SBA Final Rules on Subcontracting Limitations and More
By: John N. Ford, JD; Senior Consultant
On May 31, 2016, the U.S. Small Business Administration (“SBA”) issued its long-awaited final rule that implements certain small business-related provisions of the National Defense Authorization Act of 2013 (“NDAA”). The final rule includes key changes in the Limitations on Subcontracting regulation.
In most cases, the final rule was adopted with little or no changes to the provisions of the proposed rule issued on December 29, 2014. However, in response to public comments on the proposed rule, SBA made important changes, including amendments regarding subcontractors that qualify as “similarly situated” for purposes of the limitations on subcontracting, as well as how contracts for both services and supplies – described as “mixed” contracts – are treated for such purposes.
In addition to the limitations on subcontracting provisions, the final rule addresses numerous other SBA programs and requirements, including: the HUBZone program, subcontracting plans, the identity of interest affiliation rule, joint ventures, the calculation of annual receipts, recertification following a merger or acquisition, the Small Business Innovation Research /Small Business Technology Transfer programs, size protests and North American Industry Classification System appeals, application of the non-manufacturer rule to software procurements, “adverse impact” analyses on construction contracts and the Certificate of Competency program.
Limitations on Subcontracting
Section 1651 of the NDAA changed the formula for calculating the limitations on subcontracting under all types of small business set-aside contracts. The change provides that the analysis, rather than being based on costs, will be based on contract value. SBA regulations and the implementing Federal Acquisition Regulation (“FAR”) clause 52.219-14, Limitations on Subcontracting, required a small business prime contractor to perform with its own personnel a certain percentage of the cost of total direct labor on the contract, depending on whether the contract is primarily for services, supply, construction or specialty trade construction. According to the new Section adopted in the May 31 final rule, compliance will be determined by a percentage cap on the total amount of the prime contract that may be paid to subcontractors.
The final rule changes the approach to making the calculation, but the basic percentage limits remain the same. For service and supply contracts, small business prime contractors can have no more than 50 percent of the total amount paid under the prime contract paid to subcontractors. For general construction contracts, the percentage is 85 percent, and for specialty trade construction, the percentage is 75 percent. In all such contracts, amounts paid to “similarly situated” entities are not considered “subcontracted,” and thus excluded from the limitation.
Similarly Situated Subcontractors
Big differences between the May 31 final rule and the December 29, 2014, proposed rule relate to “similarly situated” subcontractors. Consistent with the underlying statute, the proposed rule, and now the final rule, make clear that a small business prime contractor need not include the amounts subcontracted to a “similarly situated” subcontractor (i.e., another business concern that falls into the same size or socioeconomic category for purposes of set-aside contracts) in determining the subcontracted percentage allowed. In other words, work subcontracted to similarly situated subcontractors will count as work done by the prime contractor for Limitation on Subcontracting purposes. The exception for similarly situated subcontractors applies to all four types of contracts described in FAR 52.219-14:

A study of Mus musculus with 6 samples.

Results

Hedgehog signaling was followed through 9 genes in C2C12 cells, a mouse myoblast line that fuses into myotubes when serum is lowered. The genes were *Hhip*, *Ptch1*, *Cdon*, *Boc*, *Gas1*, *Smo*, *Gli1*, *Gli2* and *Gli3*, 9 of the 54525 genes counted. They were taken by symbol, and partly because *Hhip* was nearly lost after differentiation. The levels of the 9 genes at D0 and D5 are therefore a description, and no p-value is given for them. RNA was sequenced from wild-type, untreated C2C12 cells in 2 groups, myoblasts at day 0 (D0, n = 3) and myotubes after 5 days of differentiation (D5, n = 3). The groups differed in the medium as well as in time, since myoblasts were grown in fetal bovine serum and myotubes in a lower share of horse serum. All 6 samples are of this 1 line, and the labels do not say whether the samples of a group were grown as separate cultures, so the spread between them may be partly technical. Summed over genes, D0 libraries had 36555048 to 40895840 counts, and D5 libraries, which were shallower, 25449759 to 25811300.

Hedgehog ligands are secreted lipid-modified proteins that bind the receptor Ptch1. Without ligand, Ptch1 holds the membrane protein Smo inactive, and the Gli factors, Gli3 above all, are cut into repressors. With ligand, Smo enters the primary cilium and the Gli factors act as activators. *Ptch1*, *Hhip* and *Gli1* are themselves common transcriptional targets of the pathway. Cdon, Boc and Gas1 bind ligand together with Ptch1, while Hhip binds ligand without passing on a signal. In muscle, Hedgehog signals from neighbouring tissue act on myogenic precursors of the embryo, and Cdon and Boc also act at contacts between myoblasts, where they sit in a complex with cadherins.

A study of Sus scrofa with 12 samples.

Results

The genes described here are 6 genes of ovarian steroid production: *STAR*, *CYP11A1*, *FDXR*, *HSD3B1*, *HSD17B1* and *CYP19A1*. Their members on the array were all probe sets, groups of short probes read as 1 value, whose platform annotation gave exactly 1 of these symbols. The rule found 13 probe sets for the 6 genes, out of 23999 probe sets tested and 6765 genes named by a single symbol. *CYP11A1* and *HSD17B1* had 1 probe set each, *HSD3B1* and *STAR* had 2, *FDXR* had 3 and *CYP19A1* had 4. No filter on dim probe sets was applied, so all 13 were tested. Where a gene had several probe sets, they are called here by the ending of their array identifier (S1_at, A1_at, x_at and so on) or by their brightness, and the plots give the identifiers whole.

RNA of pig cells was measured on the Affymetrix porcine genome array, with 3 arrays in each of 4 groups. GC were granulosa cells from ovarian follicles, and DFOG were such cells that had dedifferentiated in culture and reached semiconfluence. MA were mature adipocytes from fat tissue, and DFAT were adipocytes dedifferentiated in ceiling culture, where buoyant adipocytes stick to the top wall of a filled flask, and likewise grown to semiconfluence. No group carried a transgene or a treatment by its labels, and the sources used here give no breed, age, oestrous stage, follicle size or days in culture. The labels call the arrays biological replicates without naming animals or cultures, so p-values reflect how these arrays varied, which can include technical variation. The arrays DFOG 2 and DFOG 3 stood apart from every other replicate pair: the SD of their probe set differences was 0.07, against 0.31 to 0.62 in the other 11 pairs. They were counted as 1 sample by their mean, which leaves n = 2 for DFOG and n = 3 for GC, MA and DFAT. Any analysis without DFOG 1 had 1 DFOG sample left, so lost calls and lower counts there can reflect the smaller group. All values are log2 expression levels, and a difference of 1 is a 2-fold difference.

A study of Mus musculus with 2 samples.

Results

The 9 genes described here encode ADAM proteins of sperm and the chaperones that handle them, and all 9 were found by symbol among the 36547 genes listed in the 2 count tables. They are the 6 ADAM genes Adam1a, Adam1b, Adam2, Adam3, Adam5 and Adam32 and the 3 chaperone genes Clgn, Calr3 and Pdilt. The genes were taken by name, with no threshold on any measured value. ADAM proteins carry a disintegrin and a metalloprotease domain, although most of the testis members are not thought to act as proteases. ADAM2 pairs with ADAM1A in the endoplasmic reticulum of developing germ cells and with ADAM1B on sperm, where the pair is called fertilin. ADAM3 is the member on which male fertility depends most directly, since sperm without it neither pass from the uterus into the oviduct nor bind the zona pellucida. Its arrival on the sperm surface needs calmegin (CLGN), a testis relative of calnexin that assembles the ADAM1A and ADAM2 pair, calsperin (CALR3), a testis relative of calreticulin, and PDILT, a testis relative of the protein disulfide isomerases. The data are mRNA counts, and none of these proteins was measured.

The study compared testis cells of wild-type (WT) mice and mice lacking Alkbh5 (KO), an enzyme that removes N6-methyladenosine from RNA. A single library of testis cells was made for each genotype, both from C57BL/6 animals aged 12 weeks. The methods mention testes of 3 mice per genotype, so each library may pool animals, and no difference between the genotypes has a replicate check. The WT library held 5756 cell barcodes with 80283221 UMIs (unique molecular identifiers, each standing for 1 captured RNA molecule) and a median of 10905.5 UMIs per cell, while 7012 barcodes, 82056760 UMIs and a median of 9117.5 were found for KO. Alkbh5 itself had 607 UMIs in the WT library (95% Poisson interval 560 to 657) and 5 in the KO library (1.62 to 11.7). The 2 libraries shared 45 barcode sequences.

- Construction; and
- Specialty Trade.
The exception will also apply to any analysis under the ostensible subcontractor affiliation rule.
The final rule did not include the language “at any tier” in the proposed rule. It seems then that only first-tier subcontractors will count as similarly situated.
Another issue revised in the final rule due to responses in public comments is that individuals classified as “independent contractors” by the Internal Revenue Service, also known as “1099” personnel, will be considered subcontractors and may count toward meeting the applicable limitation on subcontracting when the independent contractor qualifies as a similarly situated entity.
In response to public comments, the final rule also removed the requirements in the proposed rule that the prime contractor enter into a written agreement with and report to the contracting officer on compliance with respect to similarly situated entities. This removes some of the administrative burden that the proposed rule would have applied to prime contractors seeking to take advantage of the exception for similarly situated subcontractors.
Mixed Contracts/Cost of Materials
The final rule uses the term “mixed contract” for a contract that combines both services and supplies. For such a contract, the rule requires that the contracting officer select a ”…single NAICS code which best describes the principal purpose of the product or service being acquired.” That NAICS is then used to determine which limitation on subcontracting – services or supplies – is applicable.
The final rule states that the subcontracting limitation applies only to the portion of the award amount determined to represent the principal purpose of the contract.
Small businesses may be impacted by language in the final rule on issues such as affiliation, joint ventures and recertification.